APOD: Ring of Fire over Monument Valley (2023 Oct 05)


Post by APOD Robot » Thu Oct 05, 2023 4:06 am

Image Ring of Fire over Monument Valley

Explanation: Tracking along a narrow path, the shadow of a new moon will race across North, Central, and South America, on October 14. When viewed from the shadow path the apparent size of the lunar disk will not quite completely cover the Sun though. Instead, the moon in silhouette will appear during the minutes of totality surrounded by a fiery ring, an annular solar eclipse more dramatically known as a ring of fire eclipse. This striking time lapse sequence from May of 2012 illustrates the stages of a ring of fire eclipse. From before eclipse start until sunset, they are seen over the iconic buttes of planet Earth's Monument Valley. Remarkably, the October 14 ring of fire eclipse will also be visible over Monument Valley, beginning after sunrise in the eastern sky.


Re: APOD: Ring of Fire over Monument Valley (2023 Oct 05)

Post by Shadowy Marc » Thu Oct 05, 2023 1:03 pm

There will be no minutes of totality this time, as the phase between 2nd and 3rd contact of an annular eclipse is called annularity.


Post by orin stepanek » Thu Oct 05, 2023 6:02 pm

RingOfFire_mammana.jpg
MoValleyEclipse1024.jpg
A Ring Of Fire Eclipse is a nice thing to view! :mrgreen:

Post by johnnydeep » Thu Oct 05, 2023 6:18 pm

Remarkably, the October 14 ring of fire eclipse will also be visible over Monument Valley, beginning after sunrise in the eastern sky.
Is it that remarkable that the path of "annularity" would pass over the same location 11 years later?

Also, I would think that the "duration of annularity" (thanks Shadowy Marc!) would - either usually, or perhaps always - be longer than the duration of totality in a total solar eclipse, yes?

Shadowy Marc

Re: APOD: Ring of Fire over Monument Valley (2023 Oct 05)

Post by Shadowy Marc » Thu Oct 05, 2023 7:23 pm

johnnydeep wrote: Thu Oct 05, 2023 6:18 pm
Remarkably, the October 14 ring of fire eclipse will also be visible over Monument Valley, beginning after sunrise in the eastern sky.
Also, I would think that the "duration of annularity" (thanks Shadowy Marc!) would - either usually, or perhaps always - be longer than the duration of totality in a total solar eclipse, yes?
Without having numbers at hand: The longest possible annularity is indeed longer than the longest possible totality. But consider this: If the tip of the umbral cone misses the surface of Earth just barely, you get a very short annularity - perhaps just above 0 s. Therefore not every annularity last longer than any given totality.


Post by johnnydeep » Thu Oct 05, 2023 8:01 pm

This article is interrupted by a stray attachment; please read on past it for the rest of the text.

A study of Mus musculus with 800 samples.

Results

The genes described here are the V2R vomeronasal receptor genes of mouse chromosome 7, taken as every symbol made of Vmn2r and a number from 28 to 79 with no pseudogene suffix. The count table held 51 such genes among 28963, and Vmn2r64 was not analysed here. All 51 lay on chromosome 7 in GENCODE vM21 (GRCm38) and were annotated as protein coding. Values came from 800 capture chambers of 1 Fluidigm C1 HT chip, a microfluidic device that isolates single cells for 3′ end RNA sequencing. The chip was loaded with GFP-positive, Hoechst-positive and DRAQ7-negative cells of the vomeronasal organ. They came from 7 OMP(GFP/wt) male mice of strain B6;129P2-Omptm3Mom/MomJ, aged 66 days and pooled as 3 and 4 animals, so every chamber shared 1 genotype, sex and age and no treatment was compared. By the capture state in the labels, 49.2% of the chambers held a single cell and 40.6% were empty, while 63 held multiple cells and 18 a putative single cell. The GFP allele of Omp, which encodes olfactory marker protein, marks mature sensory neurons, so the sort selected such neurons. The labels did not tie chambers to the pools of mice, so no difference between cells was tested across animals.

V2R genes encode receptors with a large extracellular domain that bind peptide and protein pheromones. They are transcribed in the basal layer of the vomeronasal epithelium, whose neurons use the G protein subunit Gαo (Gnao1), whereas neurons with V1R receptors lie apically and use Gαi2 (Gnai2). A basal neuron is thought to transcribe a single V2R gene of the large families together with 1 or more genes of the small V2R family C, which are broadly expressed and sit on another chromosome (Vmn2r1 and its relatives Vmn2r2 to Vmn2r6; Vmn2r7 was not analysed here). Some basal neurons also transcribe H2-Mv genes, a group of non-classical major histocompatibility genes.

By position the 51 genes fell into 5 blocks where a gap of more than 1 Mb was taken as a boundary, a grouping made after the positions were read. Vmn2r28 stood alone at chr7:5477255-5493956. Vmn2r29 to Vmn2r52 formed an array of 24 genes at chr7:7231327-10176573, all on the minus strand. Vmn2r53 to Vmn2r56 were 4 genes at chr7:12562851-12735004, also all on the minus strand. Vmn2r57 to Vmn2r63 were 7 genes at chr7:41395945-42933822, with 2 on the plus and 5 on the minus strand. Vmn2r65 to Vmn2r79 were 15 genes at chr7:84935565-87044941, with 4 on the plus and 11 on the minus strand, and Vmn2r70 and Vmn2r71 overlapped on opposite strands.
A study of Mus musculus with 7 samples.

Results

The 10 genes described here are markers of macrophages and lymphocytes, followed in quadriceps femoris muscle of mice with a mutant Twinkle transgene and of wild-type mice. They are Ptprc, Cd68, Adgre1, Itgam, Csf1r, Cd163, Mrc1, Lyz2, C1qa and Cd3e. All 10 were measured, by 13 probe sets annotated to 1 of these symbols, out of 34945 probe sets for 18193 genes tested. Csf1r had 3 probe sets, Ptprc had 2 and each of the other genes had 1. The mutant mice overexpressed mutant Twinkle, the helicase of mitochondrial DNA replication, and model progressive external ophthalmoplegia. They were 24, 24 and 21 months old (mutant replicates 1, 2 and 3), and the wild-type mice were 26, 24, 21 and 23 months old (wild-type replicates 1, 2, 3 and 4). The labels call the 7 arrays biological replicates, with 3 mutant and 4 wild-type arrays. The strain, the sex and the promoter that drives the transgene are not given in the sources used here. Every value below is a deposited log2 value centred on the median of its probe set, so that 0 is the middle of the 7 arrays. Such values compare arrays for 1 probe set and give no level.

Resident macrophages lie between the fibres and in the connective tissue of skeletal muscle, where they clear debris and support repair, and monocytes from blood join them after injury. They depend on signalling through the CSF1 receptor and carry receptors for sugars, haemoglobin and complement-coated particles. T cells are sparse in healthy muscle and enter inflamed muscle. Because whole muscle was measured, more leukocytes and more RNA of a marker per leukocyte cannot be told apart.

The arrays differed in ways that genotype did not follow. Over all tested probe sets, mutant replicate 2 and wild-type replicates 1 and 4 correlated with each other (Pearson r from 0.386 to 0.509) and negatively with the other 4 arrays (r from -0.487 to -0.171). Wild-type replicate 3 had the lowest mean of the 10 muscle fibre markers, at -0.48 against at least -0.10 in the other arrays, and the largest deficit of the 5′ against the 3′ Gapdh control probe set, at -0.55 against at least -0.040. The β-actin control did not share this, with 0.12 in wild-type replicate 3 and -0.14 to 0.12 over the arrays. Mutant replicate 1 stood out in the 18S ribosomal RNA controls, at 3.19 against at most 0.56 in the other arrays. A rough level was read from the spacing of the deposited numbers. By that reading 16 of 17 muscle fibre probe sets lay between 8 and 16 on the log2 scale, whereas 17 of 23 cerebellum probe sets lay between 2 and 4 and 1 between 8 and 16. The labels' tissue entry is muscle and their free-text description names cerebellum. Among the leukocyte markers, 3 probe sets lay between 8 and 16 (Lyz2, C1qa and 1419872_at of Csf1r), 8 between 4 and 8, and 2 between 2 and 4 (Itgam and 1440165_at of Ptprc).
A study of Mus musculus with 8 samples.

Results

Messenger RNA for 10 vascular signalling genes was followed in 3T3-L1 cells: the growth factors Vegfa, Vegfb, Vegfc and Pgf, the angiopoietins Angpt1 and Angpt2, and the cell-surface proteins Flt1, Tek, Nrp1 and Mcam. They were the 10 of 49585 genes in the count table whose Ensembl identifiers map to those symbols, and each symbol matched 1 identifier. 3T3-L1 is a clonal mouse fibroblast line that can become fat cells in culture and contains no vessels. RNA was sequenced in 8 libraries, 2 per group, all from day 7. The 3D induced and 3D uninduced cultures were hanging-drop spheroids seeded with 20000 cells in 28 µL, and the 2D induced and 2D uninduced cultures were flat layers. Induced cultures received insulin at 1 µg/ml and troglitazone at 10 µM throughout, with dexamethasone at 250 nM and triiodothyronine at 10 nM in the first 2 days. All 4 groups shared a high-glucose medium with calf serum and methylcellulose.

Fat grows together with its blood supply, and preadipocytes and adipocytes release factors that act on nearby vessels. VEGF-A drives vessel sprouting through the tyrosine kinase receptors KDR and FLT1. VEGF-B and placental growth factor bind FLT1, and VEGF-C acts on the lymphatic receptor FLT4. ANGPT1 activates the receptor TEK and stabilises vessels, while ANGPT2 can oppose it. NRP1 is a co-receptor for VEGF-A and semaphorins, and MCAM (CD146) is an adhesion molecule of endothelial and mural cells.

Shadowy Marc wrote: Thu Oct 05, 2023 7:23 pm
johnnydeep wrote: Thu Oct 05, 2023 6:18 pm
Remarkably, the October 14 ring of fire eclipse will also be visible over Monument Valley, beginning after sunrise in the eastern sky.
Also, I would think that the "duration of annularity" (thanks Shadowy Marc!) would - either usually, or perhaps always - be longer than the duration of totality in a total solar eclipse, yes?
Without having numbers at hand: The longest possible annularity is indeed longer than the longest possible totality. But consider this: If the tip of the umbral cone misses the surface of Earth just barely, you get a very short annularity - perhaps just above 0 s. Therefore not every annularity last longer than any given totality.
Well, by that reckoning, there are also sub second totalities, right? What if we restrict the discussion to totalities and annularities that are visible in entirety?
--
"To B̬̻̋̚o̞̮̚̚l̘̲̀᷾d̫͓᷅ͩḷ̯᷁ͮȳ͙᷊͠ Go......Beyond The F͇̤i̙̖e̤̟l̡͓d͈̹s̙͚ We Know."{ʲₒʰₙNYᵈₑᵉₚ}


Post by Chris Peterson » Thu Oct 05, 2023 9:05 pm

johnnydeep wrote: Thu Oct 05, 2023 8:01 pm
Shadowy Marc wrote: Thu Oct 05, 2023 7:23 pm
johnnydeep wrote: Thu Oct 05, 2023 6:18 pm
Also, I would think that the "duration of annularity" (thanks Shadowy Marc!) would - either usually, or perhaps always - be longer than the duration of totality in a total solar eclipse, yes?
Without having numbers at hand: The longest possible annularity is indeed longer than the longest possible totality. But consider this: If the tip of the umbral cone misses the surface of Earth just barely, you get a very short annularity - perhaps just above 0 s. Therefore not every annularity last longer than any given totality.
Well, by that reckoning, there are also sub second totalities, right? What if we restrict the discussion to totalities and annularities that are visible in entirety?
The shortest for both is basically zero. The interesting question is what is the longest possible for each, and it certainly seems reasonable that the longest annular eclipse is longer than the longest total one.
Chris


Post by johnnydeep » Thu Oct 05, 2023 9:20 pm

Chris Peterson wrote: Thu Oct 05, 2023 9:05 pm
johnnydeep wrote: Thu Oct 05, 2023 8:01 pm
Shadowy Marc wrote: Thu Oct 05, 2023 7:23 pm

Without having numbers at hand: The longest possible annularity is indeed longer than the longest possible totality. But consider this: If the tip of the umbral cone misses the surface of Earth just barely, you get a very short annularity - perhaps just above 0 s. Therefore not every annularity last longer than any given totality.
Well, by that reckoning, there are also sub second totalities, right? What if we restrict the discussion to totalities and annularities that are visible in entirety?
The shortest for both is basically zero. The interesting question is what is the longest possible for each, and it certainly seems reasonable that the longest annular eclipse is longer than the longest total one.
Not least of the reasons being that the Moon is farther from the Earth during an annular eclipse, and thus travels more slowly across the face of the Sun.